Sudbury dietitian offers tips for successful New Year's resolutions

As we continue into 2018, some may be looking back at the promises they made for themselves this year and whether or not they’re sticking to them.
(marekuliasz/Shutterstock)
New Year's Day is now behind us, but already, some people have given up on their New Years' resolutions. Registered dietician Tammy Cheguis joined us with some advice that could help you keep your food related resolutions. 6:17

As we continue into 2018, some may be looking back at the promises they made for themselves this year and whether or not they're sticking to them.

A Sudbury dietitian says New Year's resolutions are easy to make but also easy to break.

"Why is it rare for people to keep a New Year's resolution to lose weight? That's because it's hard. It takes work," Tammy Cheguis said.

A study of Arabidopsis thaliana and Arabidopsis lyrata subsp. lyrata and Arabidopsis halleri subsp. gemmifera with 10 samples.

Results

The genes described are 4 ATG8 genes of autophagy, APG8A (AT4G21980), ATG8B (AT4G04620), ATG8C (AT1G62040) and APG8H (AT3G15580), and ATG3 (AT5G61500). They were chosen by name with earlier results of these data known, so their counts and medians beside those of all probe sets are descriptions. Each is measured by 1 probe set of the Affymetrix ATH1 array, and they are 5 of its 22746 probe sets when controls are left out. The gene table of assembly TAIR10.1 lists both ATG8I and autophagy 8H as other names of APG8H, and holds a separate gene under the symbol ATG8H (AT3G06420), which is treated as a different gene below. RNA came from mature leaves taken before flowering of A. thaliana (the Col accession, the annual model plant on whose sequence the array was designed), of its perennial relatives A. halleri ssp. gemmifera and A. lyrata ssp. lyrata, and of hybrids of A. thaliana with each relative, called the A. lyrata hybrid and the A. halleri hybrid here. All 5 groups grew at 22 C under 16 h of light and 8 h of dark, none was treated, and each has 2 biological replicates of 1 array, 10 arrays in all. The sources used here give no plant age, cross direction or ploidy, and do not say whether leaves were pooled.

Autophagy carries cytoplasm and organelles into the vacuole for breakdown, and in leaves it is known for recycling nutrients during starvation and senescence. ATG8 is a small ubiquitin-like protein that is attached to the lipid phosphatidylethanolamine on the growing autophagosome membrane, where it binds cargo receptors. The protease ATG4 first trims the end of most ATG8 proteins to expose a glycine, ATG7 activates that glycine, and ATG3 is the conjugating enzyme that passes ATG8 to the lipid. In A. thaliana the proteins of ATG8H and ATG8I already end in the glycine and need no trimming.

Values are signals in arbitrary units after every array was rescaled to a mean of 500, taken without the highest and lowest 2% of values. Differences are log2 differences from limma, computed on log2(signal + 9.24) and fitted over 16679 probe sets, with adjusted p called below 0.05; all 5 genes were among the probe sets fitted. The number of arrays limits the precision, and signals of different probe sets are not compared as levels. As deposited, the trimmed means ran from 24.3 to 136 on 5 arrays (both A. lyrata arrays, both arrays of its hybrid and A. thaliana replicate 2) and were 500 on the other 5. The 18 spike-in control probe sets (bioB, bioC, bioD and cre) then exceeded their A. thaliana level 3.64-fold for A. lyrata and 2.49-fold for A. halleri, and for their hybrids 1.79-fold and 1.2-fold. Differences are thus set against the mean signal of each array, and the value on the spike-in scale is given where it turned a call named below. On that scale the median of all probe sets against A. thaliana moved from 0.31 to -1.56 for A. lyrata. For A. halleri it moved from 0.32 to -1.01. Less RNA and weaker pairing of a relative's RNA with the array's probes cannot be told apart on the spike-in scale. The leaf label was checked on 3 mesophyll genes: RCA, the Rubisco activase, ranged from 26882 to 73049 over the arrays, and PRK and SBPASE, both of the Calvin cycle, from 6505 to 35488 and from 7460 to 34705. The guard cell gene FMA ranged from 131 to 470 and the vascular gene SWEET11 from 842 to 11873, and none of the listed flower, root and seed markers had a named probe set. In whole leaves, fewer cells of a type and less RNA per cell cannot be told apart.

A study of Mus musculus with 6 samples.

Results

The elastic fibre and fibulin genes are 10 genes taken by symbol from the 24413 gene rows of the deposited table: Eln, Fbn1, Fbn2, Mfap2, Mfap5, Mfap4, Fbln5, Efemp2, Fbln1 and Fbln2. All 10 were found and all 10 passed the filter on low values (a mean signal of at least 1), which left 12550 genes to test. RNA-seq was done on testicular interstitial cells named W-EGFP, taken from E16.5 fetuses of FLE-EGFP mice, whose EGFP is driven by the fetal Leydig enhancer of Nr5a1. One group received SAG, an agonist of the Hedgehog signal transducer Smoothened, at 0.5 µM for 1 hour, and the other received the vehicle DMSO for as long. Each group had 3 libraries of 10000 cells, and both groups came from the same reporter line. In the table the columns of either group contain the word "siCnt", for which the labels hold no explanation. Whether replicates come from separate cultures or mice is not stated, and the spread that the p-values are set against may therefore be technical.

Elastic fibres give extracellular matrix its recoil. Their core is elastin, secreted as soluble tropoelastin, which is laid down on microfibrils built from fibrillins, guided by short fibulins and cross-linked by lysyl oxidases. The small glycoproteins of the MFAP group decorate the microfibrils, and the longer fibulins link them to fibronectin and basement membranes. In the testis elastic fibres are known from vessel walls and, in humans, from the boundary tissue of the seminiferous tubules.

"I think a lot of people make New Year's resolutions and they're not really ready to make a serious change."

Cheguis says she recommends people stop focusing on losing weight and start make healthy changes to their lifestyle.

To successfully make those changes, Cheguis says it's important to be specific and start small.

Tammy Cheguis is a registered dietitian at the Sudbury and District Health Unit. (Markus Schwabe/CBC)

"You might say something like, I'm going to drink one large glass of water to replace one fancy coffee that I drink or a lemonade or a pop that I drink during the day," she said.

"Start with a small thing. Pick something specific."

Cheguis says if you have several resolutions, to not try and do them all at once.

"Small changes over time tend to work best," she said.

"When you try to change everything all at once, it sets people up for failure."

Also, she says not to get too upset if you break a resolution.

"You're going to fall off the bandwagon," she said. "Try not to be too hard on yourself."